The Veronica Mars movie, Veronica Mars, is the first theatrical release I have seen that is purely, unabashedly for the fans. This is what happens when 91,000 plus fans support a project on Kickstarter and raise over $3 million. Rob Thomas, the writer, director and producer (Kristen Bell is also a producer), really didn’t have to deal with some studio guy wanting the movie to reach out to a new audience and increase market share.
This means that, for the faithful, this is like an uninterrupted two-part episode of the TV show, which higher production values and slightly rougher language. In other words, it is great.
I was a big fan of the show, and I loved this movie. I loved it so much that I stood up and sang along out loud with the theme song, at the end. Or course, at the 12:30 show on a Tuesday, I was the only person in the theater, so this wasn’t as embarrassing as it sounds.
Back in the “double-oughts” (2004-2007) Veronica Mars was a TV show on the CW a show with a strange and original premise. Veronica, played by Kristen Bell, was a junior in high school, daughter of the sheriff of a small California beach town. Her best friend was murdered, and her father accused one of the wealthy and powerful men in town. He was disgraced and eventually lost his job. Veronica fell from her precarious almost-middle-class niche into a chasm of ostracism. She was drugged at a party and raped. She emerged from these triple tragedies with a strong sense of disillusionment, a white-hot rage and a commitment to solve her friend’s murder.
Neptune was a town with no middle class; it had the uber-wealthy and the people who maintained their landscapes, cleaned their pools, who looked in from the outside at what they would never possess. Wealth, power and celebrity ran Neptune. The town was filled with toxic secrets.
The show was snarky, edgy, self-aware; it bubbled over with pop-culture references and oozed a gritty film noire vibe. It did those bubbling/oozing things at the same time. It shouldn’t have worked, but it did.
Nine years later, Veronica has graduated from Stanford and Columbia Law School. She is with her long-term boyfriend, a month away from taking the bar, and interviewing at major New York City law firms. She is a calmer, mellower young woman, literally weeks away from leaving the hell-hole of her adolescence behind her forever. A call from Logan Echolls, the former angry-bad-boy flame from Neptune, calls her home just in time for her tenth annual class reunion. (This is to explain why all the other characters are there.) Echolls is in trouble. He’s been accused of killing his high-profile celebrity girlfriend. Veronica tells herself and Piz, the understanding boyfriend, that she is just going home to help Logan pick a good lawyer. We know better. We know Veronica.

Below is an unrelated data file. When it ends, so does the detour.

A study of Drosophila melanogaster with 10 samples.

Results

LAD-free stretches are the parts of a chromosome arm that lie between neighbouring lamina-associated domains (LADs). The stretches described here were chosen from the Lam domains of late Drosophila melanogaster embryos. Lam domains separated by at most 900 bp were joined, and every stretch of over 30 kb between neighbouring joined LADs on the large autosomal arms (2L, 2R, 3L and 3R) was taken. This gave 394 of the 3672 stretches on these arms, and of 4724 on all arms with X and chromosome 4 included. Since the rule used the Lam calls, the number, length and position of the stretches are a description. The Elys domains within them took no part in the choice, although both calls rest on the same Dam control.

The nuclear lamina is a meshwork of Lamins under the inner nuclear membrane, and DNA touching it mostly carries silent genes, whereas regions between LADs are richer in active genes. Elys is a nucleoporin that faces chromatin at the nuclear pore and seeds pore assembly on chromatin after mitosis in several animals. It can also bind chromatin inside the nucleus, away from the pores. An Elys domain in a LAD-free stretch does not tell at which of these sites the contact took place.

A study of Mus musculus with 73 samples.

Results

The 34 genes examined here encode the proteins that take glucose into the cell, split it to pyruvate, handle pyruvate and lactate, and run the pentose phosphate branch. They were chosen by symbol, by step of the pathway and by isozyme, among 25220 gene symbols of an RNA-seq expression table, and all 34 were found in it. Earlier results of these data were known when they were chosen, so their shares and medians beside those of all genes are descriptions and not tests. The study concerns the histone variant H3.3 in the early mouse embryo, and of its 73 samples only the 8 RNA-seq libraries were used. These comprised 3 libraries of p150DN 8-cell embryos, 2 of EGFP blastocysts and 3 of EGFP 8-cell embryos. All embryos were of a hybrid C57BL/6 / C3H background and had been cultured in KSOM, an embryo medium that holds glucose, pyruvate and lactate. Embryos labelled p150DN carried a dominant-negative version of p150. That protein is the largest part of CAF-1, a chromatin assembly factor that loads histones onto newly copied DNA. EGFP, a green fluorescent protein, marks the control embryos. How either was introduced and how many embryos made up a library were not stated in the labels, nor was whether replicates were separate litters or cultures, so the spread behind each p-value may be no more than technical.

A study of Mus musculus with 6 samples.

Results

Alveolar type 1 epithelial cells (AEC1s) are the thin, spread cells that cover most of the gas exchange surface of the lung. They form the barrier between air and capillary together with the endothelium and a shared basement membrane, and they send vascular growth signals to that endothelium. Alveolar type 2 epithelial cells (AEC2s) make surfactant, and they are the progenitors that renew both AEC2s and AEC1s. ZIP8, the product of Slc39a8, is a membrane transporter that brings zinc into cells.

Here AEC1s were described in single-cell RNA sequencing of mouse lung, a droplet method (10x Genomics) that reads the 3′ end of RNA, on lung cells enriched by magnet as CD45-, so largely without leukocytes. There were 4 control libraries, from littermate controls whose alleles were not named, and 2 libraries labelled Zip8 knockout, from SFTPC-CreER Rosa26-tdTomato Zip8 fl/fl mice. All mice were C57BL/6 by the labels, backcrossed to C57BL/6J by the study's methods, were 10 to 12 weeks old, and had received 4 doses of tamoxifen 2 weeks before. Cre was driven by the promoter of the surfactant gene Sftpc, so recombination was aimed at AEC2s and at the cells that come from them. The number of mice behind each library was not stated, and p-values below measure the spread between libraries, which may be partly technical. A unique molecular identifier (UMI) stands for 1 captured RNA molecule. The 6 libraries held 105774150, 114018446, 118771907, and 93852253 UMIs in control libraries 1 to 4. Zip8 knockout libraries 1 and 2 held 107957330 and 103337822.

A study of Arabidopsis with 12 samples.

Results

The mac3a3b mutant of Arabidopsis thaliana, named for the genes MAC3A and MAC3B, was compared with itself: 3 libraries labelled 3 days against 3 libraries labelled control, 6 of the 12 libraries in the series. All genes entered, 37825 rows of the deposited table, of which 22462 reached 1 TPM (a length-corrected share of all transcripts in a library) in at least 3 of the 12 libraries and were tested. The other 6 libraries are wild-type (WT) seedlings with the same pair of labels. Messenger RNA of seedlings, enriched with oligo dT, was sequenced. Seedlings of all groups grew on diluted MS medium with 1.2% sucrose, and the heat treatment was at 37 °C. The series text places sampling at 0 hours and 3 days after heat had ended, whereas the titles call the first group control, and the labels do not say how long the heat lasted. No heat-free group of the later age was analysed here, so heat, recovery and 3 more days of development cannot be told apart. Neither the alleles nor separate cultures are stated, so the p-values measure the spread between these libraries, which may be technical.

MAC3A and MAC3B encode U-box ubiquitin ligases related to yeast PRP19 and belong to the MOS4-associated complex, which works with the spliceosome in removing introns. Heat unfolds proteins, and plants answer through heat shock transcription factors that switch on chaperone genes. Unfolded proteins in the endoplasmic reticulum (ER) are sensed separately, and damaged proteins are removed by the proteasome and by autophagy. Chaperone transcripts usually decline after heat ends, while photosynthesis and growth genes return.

With TV-show Neptune, Rob Thomas anticipated the Occupy movement and the anger against privilege by at least a year. Now, in the movie, things have gotten even worse. The police force is completely corrupt; private detective Keith Mars, Veronica’s father, is a deliberate thorn in their side. The movie expects viewers to know and remember the characters; the selfish, entitled surfer-boy, the conflicted sheriff’s deputy, the cheerfully slimy competitive private eye, Veronica’s two friends Wallace and Mac. Her other friend, a “PCHer” (Pacific-Crest Highway), Weevil, has gone straight, gotten married and has a beautiful little girl. In the world of Neptune, these are not keys to the kingdom, they are hostages to fortune. Most importantly, we all remember Logan Echolls; smart, damaged, passionate, violent Logan, Veronica’s true love.
As in the show, the movie counts on a lot of voice-over narration by Veronica. Usually, voice-over narration in a movie signals trouble to me. Because this came straight from the show, and because Veronica’s rueful, snarky comments made the show, it fit right in here. Veronica uses the language of addiction and recovery throughout the movie. At first it seems as if Logan is the “drug” she thinks she has kicked, but as the story continues, we realize it’s not Logan, or at least, not just Logan. It’s Neptune. It’s fighting the taken-for-granted idea that certain people just don’t matter. It’s uncovering secrets; it’s facing down the spoiled, insulated, hypocritical people who perch at the top of a very steep pyramid.
As with the show, the mystery is layered. Mysteries in Neptune almost always are the fruit of some other dark, festering secret, and the movie is no different.
Enrico Colantoni played Keith Mars in the show and in the film. While I can’t remember ever seeing him give a bad performance, his interpretation of Keith Mars is one of my favorites. There was a one-second glitch in the film when he sounded a little too much like his character from Galaxy Quest, but I soon got over that. Francis Capra, Percy Daggs III and Tina Majorino are awesome as Veronica’s friends. Frankly, since Logan has grown up and settled down a little, and Jason Dohring has added some acting experience and gotten a bit of polish, I missed the rawness of the “old” Logan, but that is a mild nuisance, not a serious flaw in the film. Jerry O’Connell does a nice turn as a new sheriff more corrupt than the last.
When I watched the show, I remember thinking that the outright meanness of the students seemed over the top sometimes. Since then, I’ve been on Facebook and Twitter, and I see I misunderstood. Thomas nails the viciousness perfectly.
While I think someone who hadn’t seen the show would enjoy the mystery here, I recommend viewing at least the first season of the TV show if you want to see it. Don’t be confused; Veronica Mars is V.I. Warshawski or Philip Marlowe, not Nancy Drew. Neptune is no St. Mary Mead; it’s LA, or maybe Wall Street, in miniature. And this is one fine movie.